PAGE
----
Home affairs minister Ronald Plasterk chose the depths of the silly season to offer up for ‘consultation’ a draft proposal which rides roughshod over the basic rights of every Dutch citizen: the new law governing intelligence and security services, WIV. If this proposal becomes law, the intelligence and security services AIVD and MIVD will be given unprecedented authorisation to access private data.
With the minister’s permission and without even a hint of suspicion of any criminal behaviour on our part, the services will be monitoring and analysing our phone conversations, email exchanges, web surfing behaviour, etc. The data gathered will be kept for up to three years and can be shared with foreign secret services.
The proposal has been carefully drafted: there is no mention of ‘mass surveillance’, the kind that Edward Snowden uncovered some time ago but that, clearly, is what this is about. Instead of protecting us from such comprehensive oversight, the Dutch government now wants to participate in it.
The arbitrary tapping of the means of communication used by innocent and unsuspected citizens contravenes the constitution, the European Convention on Human Rights, the International Covenant on Civil and Political Rights and the jurisprudence of the European Court of Human Rights. It is also in direct opposition to the United Nation’s Universal Declaration of Human Rights.
As if this isn’t bad enough, Plasterk also allows the services extensive hacking powers. They can, for instance, use your computer without your knowledge to spy on a suspect. If you yourself are the target, the services can activate cameras and microphones in your equipment from a distance. Hacking makes systems unsafer and easier to access by criminals. But the new law doesn’t contain a provision to repair the damage, or even an obligation to acknowledge that any damage was done.
The implications for the freedom of the press are dire. The law offers some guarantees for the protection of journalistic sources, but as journalists and their sources are part of the government’s mass surveillance effort, that protection means exactly nothing. Journalists and their sources could never again be sure of an unmonitored exchange.
Whistle-blowers who want to leak abusive situations anonymously will find it next to impossible to do so. The Dutch whistle-blowers platform Publeaks, where concerned citizens can report abuse anonymously, will also be spied on by the government. This also puts the systems of the forty affiliated media outlets in the danger zone. Reading behaviour will be monitored: the services will have no problem finding out which media platforms we are looking at, from Volkskrant.nl to Wikileaks.org.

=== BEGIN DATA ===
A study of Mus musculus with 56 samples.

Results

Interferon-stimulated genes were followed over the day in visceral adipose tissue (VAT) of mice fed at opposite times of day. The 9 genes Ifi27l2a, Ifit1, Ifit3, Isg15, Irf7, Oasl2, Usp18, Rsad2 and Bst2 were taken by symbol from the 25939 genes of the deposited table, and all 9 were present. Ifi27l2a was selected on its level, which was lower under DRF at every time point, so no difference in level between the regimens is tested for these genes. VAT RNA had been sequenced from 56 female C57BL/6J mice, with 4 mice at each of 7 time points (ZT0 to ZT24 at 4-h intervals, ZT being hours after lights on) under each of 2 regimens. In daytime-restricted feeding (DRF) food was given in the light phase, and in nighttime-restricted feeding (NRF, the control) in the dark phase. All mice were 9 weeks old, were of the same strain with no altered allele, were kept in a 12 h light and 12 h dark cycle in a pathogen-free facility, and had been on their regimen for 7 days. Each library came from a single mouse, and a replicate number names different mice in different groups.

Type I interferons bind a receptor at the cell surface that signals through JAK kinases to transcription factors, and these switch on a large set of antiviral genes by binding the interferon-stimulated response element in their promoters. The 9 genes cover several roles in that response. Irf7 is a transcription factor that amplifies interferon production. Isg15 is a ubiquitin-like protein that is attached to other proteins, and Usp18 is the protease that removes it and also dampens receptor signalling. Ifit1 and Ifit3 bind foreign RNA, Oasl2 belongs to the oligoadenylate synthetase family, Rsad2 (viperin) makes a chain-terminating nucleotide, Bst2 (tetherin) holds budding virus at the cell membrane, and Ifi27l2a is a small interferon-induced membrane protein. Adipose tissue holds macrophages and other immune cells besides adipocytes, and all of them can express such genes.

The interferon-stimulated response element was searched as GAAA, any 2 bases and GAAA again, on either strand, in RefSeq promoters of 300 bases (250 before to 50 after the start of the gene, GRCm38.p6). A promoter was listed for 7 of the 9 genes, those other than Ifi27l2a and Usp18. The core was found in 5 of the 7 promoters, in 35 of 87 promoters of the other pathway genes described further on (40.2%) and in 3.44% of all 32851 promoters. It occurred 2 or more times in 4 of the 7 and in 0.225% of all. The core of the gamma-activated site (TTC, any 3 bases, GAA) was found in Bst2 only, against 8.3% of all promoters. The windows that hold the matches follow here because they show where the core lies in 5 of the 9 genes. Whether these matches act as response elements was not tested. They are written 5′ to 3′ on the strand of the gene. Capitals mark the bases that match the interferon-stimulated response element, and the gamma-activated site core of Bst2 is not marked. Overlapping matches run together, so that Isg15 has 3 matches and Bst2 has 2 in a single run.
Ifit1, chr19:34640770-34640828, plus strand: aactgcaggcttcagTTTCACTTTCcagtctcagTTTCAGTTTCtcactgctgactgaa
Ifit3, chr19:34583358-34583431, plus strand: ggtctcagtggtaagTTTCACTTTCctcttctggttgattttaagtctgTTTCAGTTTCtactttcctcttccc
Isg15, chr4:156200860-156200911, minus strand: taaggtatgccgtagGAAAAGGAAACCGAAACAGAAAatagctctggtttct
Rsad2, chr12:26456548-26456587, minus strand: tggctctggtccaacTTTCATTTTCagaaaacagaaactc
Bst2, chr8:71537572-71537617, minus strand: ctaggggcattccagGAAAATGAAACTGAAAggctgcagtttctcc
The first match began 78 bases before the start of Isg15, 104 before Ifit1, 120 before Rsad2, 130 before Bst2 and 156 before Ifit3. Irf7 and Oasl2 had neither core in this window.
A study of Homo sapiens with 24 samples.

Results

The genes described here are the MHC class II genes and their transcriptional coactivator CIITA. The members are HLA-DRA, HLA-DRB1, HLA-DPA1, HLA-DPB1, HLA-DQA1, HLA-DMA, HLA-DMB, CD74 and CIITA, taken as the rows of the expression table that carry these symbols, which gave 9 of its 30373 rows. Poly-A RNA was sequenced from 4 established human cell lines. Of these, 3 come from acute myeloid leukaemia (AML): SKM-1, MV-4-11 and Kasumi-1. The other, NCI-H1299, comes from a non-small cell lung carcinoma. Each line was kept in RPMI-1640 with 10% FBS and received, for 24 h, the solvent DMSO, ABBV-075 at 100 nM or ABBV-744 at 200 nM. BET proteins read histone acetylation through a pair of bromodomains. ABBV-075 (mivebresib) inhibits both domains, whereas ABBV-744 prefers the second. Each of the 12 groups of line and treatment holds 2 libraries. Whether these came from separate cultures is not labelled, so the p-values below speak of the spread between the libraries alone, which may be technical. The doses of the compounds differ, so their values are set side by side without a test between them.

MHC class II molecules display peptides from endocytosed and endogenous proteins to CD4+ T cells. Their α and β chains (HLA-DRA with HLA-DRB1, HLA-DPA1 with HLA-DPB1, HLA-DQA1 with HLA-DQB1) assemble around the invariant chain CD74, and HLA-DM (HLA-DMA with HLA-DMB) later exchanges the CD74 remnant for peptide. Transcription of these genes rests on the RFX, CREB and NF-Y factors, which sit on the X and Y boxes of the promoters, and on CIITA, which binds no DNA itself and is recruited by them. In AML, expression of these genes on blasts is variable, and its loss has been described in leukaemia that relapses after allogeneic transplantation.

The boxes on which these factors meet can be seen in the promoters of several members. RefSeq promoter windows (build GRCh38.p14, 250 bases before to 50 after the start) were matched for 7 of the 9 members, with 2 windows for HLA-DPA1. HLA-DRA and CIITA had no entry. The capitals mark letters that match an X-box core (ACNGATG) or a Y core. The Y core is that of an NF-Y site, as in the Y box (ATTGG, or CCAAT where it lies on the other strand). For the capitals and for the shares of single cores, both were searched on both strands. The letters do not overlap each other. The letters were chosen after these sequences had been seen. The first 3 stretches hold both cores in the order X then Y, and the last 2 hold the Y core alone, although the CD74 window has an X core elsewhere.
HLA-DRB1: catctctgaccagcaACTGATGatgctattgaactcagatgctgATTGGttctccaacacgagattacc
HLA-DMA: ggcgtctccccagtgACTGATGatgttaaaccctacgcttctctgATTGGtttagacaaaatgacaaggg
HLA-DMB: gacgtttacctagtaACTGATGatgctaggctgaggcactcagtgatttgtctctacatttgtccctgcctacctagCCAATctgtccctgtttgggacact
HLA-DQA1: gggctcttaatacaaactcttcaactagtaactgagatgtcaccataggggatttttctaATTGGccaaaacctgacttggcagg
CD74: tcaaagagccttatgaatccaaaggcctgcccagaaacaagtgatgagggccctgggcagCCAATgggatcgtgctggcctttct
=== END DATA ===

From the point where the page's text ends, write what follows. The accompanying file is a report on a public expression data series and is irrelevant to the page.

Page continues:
The consequences of such government spying are clear to see in the United States. The American security service NSA has been involved in mass surveillance and espionage among journalists for some time. As a result, journalistic sources are no longer as prepared to talk and the media are increasingly putting a lid on information that could lead to trouble. This is what is described in the Human Rights Watch report ‘With Liberty to Monitor All’ as the chilling effect.
The Dutch intelligence services have been reprimanded repeatedly by the courts for unauthorised actions towards journalists. Not only is it unlikely that with the new possibilities at their disposal they will suddenly behave, their activities will also go largely unmonitored by the – possibly partisan and not always well informed – politicians whose responsibility this is.
Free Press Unlimited is not against the modernisation of legislation concerning the intelligence and security services. We recognise that some persons or organisations which are legitimately deemed a danger to society should be subjected to efficient scrutiny. But it’s the governments which allow a blanket surveillance of their own citizens which constitute the biggest danger to society. That is what we see in the dozens of countries in which we are active.
We call on all political parties – especially the ones that sport the words ‘freedom’ and ‘democracy’ in their names – to return this draft to the minister forthwith.
Citizens who want to comment can do so until September 1 on www.internetconsultatie.nl/wiv
Menso Heus is a ‘technology officer’ and internet safety expert at Free Press Unlimited.
This article appeared earlier in the Volkskrant.